Vlogbrothers reach 1,000 videos

As I prepared to head out to the 24th week of the Frost Park Chalk-Off’s fifth year, I began my Friday, September 14th, by watching Hank Green commemorate 1,000 Vlogbrothers videos.

Adam and Hank Green display 'The Guide to Nerdfighting' at w00tstock 2.0 in 2010. Photo by Austin Muirhead.

Of course, the Vlogbrothers have made well over 1,000 videos. Aside from not counting the videos they’ve put up on their other channels (Crash Course, SciShow, Hank Games, Truth or Fail and so many more), they’ve technically already achieved 1,000 videos in the Vlogbrothers line alone. To begin with, the second Vlogbrothers video was mistakenly uploaded to John’s personal channel. Right from the start, that adds an extra number to the Vlogbrothers videos that doesn’t appear in the number of videos on their actual channel. Even if you discount that, however, you have the problem of the disappearing video.

Now, I’m not talking about temporary videos, such as videos announcing live shows. I’m talking about a specific, completely official Vlogbrothers video that has, for reasons I don’t personally know, vanished from the Internet.

On May 18, 2012, Hank uploaded a video titled Facebook IPO – What it Means to the Vlogbrothers channel. It remained up for some time, and was clearly not intended to be a temporary video. It lingered in my oft-uncleared, highly cluttered Watch Later playlist for some time. I think I mistakenly watched it several times because I couldn’t remember what in the playlist I’d already seen. Then, one day, I was re-watching the list, again unsure what I had and had not already viewed, when I came across a notice informing me that “This video has been removed by the user.”

Needless to say, I was shocked. I’m sure there was some valid reason to do so, but I couldn’t find an explanation anywhere. Still, time moved on, and so did life, YouTube, and the Vlogbrothers. It does leave a peculiar little question, though: what actually counts as the 1,000th Vlogbrothers video?

Do we factor in the second video ever, which still lives on John’s other channel? Do we count a video that, having been seen by thousands, ceased to exist only after silently slipping away into the archives? Then again, there are videos like Week 1 Condensed which, perhaps, shouldn’t count. Does that even out the count, or simply complicate matters further?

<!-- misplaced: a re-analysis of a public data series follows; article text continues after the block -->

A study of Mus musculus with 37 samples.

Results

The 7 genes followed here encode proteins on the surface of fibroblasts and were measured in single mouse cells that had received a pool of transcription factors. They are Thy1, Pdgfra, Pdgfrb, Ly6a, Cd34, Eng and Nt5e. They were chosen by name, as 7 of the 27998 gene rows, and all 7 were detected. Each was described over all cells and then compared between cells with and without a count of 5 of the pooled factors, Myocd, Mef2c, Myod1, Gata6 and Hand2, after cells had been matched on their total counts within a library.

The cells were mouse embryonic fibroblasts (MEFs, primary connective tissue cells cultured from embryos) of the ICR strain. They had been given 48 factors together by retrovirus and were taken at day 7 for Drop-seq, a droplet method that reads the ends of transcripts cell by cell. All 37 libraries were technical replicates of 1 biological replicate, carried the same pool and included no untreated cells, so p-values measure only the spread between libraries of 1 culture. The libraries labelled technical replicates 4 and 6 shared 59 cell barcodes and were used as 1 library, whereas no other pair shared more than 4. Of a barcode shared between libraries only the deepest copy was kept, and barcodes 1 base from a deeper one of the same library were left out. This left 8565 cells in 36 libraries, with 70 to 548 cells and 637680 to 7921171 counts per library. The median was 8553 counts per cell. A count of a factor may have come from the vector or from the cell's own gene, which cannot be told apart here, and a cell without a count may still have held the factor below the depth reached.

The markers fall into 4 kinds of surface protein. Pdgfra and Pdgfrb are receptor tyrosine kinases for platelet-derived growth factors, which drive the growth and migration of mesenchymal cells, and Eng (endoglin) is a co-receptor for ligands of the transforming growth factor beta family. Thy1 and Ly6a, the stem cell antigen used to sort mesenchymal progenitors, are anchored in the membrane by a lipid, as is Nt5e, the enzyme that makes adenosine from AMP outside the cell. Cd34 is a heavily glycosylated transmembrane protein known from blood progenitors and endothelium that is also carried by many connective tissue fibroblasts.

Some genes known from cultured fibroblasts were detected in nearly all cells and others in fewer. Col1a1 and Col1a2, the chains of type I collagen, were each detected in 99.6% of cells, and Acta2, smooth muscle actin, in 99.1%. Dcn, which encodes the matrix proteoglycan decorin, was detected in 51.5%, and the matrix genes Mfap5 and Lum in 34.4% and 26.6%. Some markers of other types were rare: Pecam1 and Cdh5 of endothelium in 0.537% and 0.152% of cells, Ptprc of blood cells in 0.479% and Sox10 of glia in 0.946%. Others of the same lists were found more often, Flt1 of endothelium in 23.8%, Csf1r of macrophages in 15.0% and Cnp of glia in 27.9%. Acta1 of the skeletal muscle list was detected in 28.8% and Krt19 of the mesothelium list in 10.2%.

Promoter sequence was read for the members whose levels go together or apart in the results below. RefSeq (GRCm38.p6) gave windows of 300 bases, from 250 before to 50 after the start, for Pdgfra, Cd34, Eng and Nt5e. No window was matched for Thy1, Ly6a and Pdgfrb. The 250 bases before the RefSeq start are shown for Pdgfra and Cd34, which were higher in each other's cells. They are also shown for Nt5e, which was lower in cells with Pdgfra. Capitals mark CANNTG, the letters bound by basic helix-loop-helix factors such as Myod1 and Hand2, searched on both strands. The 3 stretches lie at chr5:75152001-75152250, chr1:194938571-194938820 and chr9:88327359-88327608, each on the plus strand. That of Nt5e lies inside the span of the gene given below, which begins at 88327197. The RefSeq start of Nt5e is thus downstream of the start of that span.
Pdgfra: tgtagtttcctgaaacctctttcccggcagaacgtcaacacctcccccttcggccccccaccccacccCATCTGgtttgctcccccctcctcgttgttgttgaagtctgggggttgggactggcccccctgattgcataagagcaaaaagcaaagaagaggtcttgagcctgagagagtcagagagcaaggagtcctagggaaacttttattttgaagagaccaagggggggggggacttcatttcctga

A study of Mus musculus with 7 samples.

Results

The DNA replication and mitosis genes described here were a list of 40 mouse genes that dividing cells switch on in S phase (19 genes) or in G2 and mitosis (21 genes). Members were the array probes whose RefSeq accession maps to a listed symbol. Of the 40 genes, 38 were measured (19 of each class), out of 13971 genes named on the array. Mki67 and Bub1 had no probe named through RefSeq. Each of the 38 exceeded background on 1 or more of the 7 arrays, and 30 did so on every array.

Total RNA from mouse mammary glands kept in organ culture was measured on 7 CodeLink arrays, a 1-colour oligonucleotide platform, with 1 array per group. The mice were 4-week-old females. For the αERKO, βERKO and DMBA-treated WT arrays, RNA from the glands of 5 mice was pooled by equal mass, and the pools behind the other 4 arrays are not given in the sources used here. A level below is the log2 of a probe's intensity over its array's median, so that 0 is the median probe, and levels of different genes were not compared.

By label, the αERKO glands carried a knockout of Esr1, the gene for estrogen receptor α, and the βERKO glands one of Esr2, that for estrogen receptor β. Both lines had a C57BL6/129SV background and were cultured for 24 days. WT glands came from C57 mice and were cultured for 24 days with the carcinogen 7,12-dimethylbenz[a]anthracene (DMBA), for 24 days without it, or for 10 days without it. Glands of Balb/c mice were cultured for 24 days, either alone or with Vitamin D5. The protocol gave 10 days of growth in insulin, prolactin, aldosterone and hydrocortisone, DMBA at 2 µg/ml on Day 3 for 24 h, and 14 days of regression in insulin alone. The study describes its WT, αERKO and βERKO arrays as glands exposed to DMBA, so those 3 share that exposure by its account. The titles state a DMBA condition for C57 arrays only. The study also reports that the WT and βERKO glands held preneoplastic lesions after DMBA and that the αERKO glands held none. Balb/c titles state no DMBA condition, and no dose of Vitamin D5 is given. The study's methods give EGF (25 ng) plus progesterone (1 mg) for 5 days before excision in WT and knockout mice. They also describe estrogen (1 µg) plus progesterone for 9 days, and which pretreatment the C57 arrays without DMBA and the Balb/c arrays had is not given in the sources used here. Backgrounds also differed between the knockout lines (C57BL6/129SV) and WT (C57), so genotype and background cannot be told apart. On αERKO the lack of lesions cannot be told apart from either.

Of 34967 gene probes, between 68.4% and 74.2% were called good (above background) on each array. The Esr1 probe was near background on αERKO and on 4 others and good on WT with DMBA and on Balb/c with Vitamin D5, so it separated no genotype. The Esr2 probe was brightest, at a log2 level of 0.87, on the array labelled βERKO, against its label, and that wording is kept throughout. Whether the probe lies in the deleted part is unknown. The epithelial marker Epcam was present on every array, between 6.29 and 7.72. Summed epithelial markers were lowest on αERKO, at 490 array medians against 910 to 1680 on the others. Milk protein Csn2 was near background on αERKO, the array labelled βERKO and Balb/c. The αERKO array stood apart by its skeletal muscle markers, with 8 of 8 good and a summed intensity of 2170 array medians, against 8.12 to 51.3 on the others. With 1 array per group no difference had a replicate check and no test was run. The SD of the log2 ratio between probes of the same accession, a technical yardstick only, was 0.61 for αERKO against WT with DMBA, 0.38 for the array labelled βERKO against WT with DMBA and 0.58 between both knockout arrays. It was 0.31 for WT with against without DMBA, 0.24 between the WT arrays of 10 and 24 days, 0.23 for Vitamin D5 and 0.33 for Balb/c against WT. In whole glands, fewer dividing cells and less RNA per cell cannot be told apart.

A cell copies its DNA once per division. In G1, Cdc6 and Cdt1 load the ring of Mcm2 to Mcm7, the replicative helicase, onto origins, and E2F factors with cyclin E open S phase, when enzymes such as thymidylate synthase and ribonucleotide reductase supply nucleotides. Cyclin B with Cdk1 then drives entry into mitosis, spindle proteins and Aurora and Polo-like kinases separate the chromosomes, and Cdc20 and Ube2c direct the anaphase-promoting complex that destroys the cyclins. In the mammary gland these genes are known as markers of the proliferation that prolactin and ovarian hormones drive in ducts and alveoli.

In the end, to blatantly steal a line from Linkin Park, it doesn’t even matter. Much like the argument over when the Millennium started, the purpose of celebrating a big, round number isn’t accuracy. The point is to acknowledge that something momentous has occurred, that time has passed and we’re still around to enjoy the future. It’s a time to reflect and a time to look forward.

Whether 1000 VIDEOS!!! was actually the 1,000th video or not, the Vlogbrothers have accomplished something. They have endured the passage of time. They have grown and changed, and the community that surrounds them has grown and changed as well. We’ve come a long way from the small tribe that Nerdfighteria used to be, watching two brothers engage in textless “communcation” in pixelated 240p.

Adam the Alien shows off his Nerdfighter pride.

Five years ago, Nerdfighting was a small subculture of YouTubers filming and/or commenting on low-quality, 4:3 videos shot in poorly lit rooms and basements. Today, it’s a thriving global community that counts Olympic athletes and pop culture icons among its ranks.

Some will look back and miss the old days. Certainly, the allure of nostalgia seduces all of us from time to time. But the Nerdfighteria has grown into something far more amazing than any of us could have envisioned in 2007. It changes far more lives, – whether through actions like the Project for Awesome or simply by existing as a community for people to identify with – than it ever could have in those days.

1,000 videos is an arbitrary, meaningless measurement of something which is utterly immeasurable. But it’s a great excuse to look back, in complete and total awe, at how far we’ve all come. I’m proud to have seen Nerdfighteria grow into the unstoppable beast of awesome that it is now.

I can’t wait to see where the future will take us.